There’s no better way to show commitment than eating one’s own dog food, or – as some of my French colleagues would call it – drinking one’s own champagne. I can imagine why that Ford plant manager in Michigan recently announced that only Ford- or subsidiary-built vehicles are allowed to park on the plant premises: it must be discouraging to see the place swarmed every day by Daihatsu’s, Suzuki’s and Toyota’s. If even the creators themselves don’t use their own products, why would customers even consider buying?
In IT, the slogan is probably even more true. And it doesn’t only pertain to software manufacturers (we can safely assume that Microsoft is not using Firefox too much in their offices, nor that SAP uses Oracle Financials for their book keeping, nor that Siebel account managers prefer salesforce.com to keep track of their sales opportunities): every IT department can use the Dog Food Principle to bridge the gap with their clients at the business side of the organisation.
Having trouble explaining to the business what a service oriented enterprise looks like? Become one your self: start redefining the IT department as a collection of coherent, clearly described services that deliver measurable value and performance and that can be orchestrated in flexible ways. Use UDDI to register them and make them available for reference through the Internet.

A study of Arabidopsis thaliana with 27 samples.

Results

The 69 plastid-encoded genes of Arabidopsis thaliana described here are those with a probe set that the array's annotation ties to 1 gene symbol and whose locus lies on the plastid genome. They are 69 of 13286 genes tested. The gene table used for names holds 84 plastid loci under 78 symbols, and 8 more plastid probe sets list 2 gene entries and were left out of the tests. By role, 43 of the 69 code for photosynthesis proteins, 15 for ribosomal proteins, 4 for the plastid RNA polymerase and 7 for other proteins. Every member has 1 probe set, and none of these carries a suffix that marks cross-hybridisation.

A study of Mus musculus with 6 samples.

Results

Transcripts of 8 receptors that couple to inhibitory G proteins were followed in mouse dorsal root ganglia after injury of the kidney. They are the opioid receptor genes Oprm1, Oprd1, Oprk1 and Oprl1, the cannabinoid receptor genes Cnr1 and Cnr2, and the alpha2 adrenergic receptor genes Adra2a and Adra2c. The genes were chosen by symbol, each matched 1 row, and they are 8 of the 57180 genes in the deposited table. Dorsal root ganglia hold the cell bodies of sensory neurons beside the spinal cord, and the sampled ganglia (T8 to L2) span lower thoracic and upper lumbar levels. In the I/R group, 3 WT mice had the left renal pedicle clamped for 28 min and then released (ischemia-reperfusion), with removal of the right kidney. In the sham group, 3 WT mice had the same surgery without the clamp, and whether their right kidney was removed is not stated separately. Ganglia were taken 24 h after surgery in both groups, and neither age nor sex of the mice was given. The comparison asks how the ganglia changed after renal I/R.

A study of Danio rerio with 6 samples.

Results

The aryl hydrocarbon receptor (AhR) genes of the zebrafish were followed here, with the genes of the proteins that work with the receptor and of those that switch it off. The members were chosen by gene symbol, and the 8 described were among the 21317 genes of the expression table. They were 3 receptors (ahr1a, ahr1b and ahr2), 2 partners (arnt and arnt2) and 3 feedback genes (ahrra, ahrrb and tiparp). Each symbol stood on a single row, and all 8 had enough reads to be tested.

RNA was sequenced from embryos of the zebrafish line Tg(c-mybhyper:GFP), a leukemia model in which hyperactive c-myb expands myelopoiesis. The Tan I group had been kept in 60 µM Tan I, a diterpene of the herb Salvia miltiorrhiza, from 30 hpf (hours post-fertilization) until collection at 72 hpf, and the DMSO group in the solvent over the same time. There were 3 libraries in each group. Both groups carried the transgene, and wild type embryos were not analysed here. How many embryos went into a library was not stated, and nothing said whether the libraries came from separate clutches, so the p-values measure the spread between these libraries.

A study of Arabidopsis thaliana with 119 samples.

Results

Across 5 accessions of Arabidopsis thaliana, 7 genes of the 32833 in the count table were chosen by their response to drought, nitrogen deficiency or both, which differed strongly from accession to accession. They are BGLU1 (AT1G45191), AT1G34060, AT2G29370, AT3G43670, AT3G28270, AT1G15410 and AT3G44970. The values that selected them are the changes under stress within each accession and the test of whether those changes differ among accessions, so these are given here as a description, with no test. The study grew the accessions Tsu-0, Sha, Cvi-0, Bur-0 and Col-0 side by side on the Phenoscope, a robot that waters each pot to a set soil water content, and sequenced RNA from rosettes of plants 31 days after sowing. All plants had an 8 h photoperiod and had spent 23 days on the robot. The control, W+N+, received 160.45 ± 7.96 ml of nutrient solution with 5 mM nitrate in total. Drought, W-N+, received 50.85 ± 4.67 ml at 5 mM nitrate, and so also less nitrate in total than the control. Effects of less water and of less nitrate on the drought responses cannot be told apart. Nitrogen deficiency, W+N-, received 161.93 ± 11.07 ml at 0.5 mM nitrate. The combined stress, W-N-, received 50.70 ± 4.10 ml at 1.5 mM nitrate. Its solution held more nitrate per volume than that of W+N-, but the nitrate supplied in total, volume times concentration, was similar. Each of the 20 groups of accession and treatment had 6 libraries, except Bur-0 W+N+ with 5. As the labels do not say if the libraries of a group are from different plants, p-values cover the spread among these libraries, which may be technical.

Convinced that the organisation would benefit from the new generation of business intelligence applications? Apply it first to your own systems development and applications management processes, creating a real time dashboard of all crucial metrics, then use the dashboard to monitor and improve the performance of your IT department.
A true believer of end-to-end transparency? Provide your business users with a portal that gives them up-to-date, deep insight in the status, progress and deliverables of all your projects, no matter on what place in the world they are actually being run. Ask your project leads to use a blog to communicate on a daily base to all of their stakeholders. Give your clients access to forums to discuss the best and worst practices of the project they are involved in.
Excited with the virtues of Web 2.0? Show the business how you use wiki’s, weblogs, search tools and social networks to create an atmosphere of innovation, self-regulation and true collaborative knowledge management within your IT population.
Doing all these things to your self first, creates tangible showcases that surely beat slideware and unproven value cases. And – let’s be honest – the performance of the IT department should improve too.
Sounds like a double-edged sword indeed.
Any other good examples of dog food that IT can eat them selves? Let us know, share your meal.